Smoking and Secondhand Smoke Boost Diabetes Risk

With commentary by Frank Hu, MD, PhD, MPH, professor of nutrition and epidemiology, Harvard T.H. Chan School of Public Health, Boston

cigarettesSmokers and anyone exposed regularly to secondhand smoke have a higher risk of developing type 2 diabetes than those who have never smoked, new research has confirmed.

The findings may come as a surprise to many people, says Frank Hu, MD, PhD, MPH, professor of nutrition and epidemiology at the Harvard T.H. Chan School of Public Health, Boston, and a co-author of the research. People tend to think of excess weight as a major risk factor for getting type 2 diabetes, and it is, he says. But so is smoking, and his new analysis strengthens the link. "I think this is another reason to stop smoking," Dr. Hu says.

With his colleagues, Hu reviewed the findings of 88 previously published studies on the link between smoking and diabetes risk, analyzing information from about 6 million study participants.

"This is the most comprehensive meta-analysis of numerous published studies from around the world," he says. "I think the evidence from our meta-analysis is very compelling and that the link is real."

The study was published online September 17 in the Lancet Diabetes & Endocrinology.

Risks for Smokers, Non-Smokers, Former Smokers

In the new analysis, the researchers found:

  • Being a current smoker boosts the risk of getting type 2 diabetes by 37%, compared to being a never-smoker.
  • Former smokers had a 14% higher risk than never-smokers, but that was an average. The longer ago they quit, the more that risk declined. For instance, those who quit smoking less than five years ago had a 54% increased risk of getting diabetes, while those who dropped the habit 10 years ago had a 11% greater risk than never-smokers.
  • The more people smoked, the higher the risk. While light smokers (fewer than 10 daily) increased their risk of diabetes by 21%, heavy smokers (20 or more a day) boosted it by 57%.
  • Exposure to secondhand smoke, or passive smoking, boosted risk by 22%.

While passive smoking may not be much of  public health issue in the U.S., with smoking outlawed in many public venues, it is still an issue globally, Dr. Hu says. "The prevalence of passing smoking is very high, almost 30% [of people] around the world."

While evidence about smoking and its links to cancer, respiratory disease and heart disease is well known, the information about its link to diabetes has been slower to build, the researchers say. In 2014, for the first time, the U.S. Surgeon General included a section on smoking and the risk of diabetes, arguing that the link is cause and effect.

Hu's analysis finds a link, or association. What may explain it? Dr. Hu points to smokers' higher abdominal fat, increased resistance to insulin (which helps regular blood sugar) and toxic substances in nicotine that may damage the insulin-producing beta cells in the pancreas. All of these explanations may potentially explain the link, he says.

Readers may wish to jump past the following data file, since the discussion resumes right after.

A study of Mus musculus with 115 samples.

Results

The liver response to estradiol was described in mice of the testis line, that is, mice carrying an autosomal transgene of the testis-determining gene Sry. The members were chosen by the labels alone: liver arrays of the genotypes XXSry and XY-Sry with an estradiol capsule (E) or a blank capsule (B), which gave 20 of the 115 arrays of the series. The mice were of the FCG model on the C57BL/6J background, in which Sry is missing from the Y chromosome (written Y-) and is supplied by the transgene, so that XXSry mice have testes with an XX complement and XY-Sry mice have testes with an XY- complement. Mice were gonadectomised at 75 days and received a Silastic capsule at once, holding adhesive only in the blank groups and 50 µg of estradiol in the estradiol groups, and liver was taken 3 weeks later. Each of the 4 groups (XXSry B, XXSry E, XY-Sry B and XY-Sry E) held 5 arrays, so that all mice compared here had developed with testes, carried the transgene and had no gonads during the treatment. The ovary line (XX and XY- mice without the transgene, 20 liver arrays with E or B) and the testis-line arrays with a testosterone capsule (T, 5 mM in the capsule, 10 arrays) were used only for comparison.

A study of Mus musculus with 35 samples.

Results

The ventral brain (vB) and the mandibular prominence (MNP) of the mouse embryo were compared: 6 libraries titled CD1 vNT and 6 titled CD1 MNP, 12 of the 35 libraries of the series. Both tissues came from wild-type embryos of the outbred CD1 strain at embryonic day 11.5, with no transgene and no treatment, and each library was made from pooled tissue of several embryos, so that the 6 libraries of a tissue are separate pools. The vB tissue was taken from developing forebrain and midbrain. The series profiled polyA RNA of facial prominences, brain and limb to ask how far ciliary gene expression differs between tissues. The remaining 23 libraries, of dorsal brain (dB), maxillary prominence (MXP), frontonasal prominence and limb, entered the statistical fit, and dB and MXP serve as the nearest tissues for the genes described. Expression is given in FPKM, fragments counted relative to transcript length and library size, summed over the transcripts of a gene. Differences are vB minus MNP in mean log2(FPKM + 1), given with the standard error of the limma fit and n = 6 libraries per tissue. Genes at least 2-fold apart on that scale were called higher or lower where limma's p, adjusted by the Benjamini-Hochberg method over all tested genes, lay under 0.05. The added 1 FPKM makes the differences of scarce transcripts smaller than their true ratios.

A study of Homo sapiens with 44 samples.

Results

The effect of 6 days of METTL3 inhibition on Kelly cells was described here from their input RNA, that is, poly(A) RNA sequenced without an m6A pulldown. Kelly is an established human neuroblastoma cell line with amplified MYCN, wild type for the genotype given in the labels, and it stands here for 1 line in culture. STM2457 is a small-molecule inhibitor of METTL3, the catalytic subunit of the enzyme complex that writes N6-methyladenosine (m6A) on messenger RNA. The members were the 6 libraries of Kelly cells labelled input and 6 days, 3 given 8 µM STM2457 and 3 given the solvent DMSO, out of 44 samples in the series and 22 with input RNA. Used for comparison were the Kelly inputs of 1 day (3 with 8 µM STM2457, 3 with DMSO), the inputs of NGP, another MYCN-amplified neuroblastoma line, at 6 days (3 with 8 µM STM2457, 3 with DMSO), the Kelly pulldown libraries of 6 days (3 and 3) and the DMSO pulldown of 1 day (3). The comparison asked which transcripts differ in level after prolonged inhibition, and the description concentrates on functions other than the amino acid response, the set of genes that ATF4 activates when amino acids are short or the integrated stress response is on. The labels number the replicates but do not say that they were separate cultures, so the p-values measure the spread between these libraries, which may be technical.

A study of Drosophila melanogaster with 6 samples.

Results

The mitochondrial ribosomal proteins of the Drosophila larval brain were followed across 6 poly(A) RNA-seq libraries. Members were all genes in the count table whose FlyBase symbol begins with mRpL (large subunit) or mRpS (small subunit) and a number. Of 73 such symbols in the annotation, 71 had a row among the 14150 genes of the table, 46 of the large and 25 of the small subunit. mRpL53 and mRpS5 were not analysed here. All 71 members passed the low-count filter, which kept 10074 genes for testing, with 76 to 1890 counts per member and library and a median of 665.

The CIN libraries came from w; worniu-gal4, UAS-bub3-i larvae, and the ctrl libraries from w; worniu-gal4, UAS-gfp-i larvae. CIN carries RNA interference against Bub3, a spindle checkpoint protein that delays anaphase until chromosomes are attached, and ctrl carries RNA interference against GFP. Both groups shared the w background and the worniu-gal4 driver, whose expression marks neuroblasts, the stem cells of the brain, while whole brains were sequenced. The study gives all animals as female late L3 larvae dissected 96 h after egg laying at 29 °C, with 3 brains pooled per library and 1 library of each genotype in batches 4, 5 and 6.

Second Opinions

Most patients are largely unaware that smoking is a risk for type 2 diabetes, says Robert Gabbay, MD, PhD, chief medical officer at Joslin Diabetes Clinic, Boston, who reviewed the findings. However, he says, "I would argue that most people who smoke know that it's not good for them. This is yet another reason why it's not good."

The strength of the new research is the size of the analysis, including 6 million people, he says. For those who still smoke, the good news message from the research is that ''It doesn't matter how long you have smoked, quitting still helps. Every year of not smoking helps to reduce your risk of diabetes. That's an important message to get out."

"It's a good, observational study," says Spyros Mezitis, MD, PhD, an endocrinology consultant at Lenox Hill Hospital, New York, who also reviewed the findings. One limitation is that the smoking history and status were self-reported, which is always subject to errors, he says.

Even so, the new analysis does strengthen the link, he agrees. "We don't have a firm understanding of how smoking affects the diabetes," he says. However, ''we do understand that diabetes is an inflammatory disease, and that this inflammation can be increased with smoking. Smoking is a risk factor for inflammation, and inflammation can cause insulin resistance."

Taking Action

The message is clear, that quitting smoking can reduce risks for numerous health issues, experts agree. However, weight gain is common in ex-smokers and being overweight or obese, in turn, can boost diabetes risk.

Some research has found that increasing physical activity can counterbalance the weight gain linked with smoking cessation, Dr. Hu says. Physical activity can reduce cravings and withdrawal symptoms and weight gain while a smoker is trying to quit, researchers concluded after reviewing the results of 17 studies.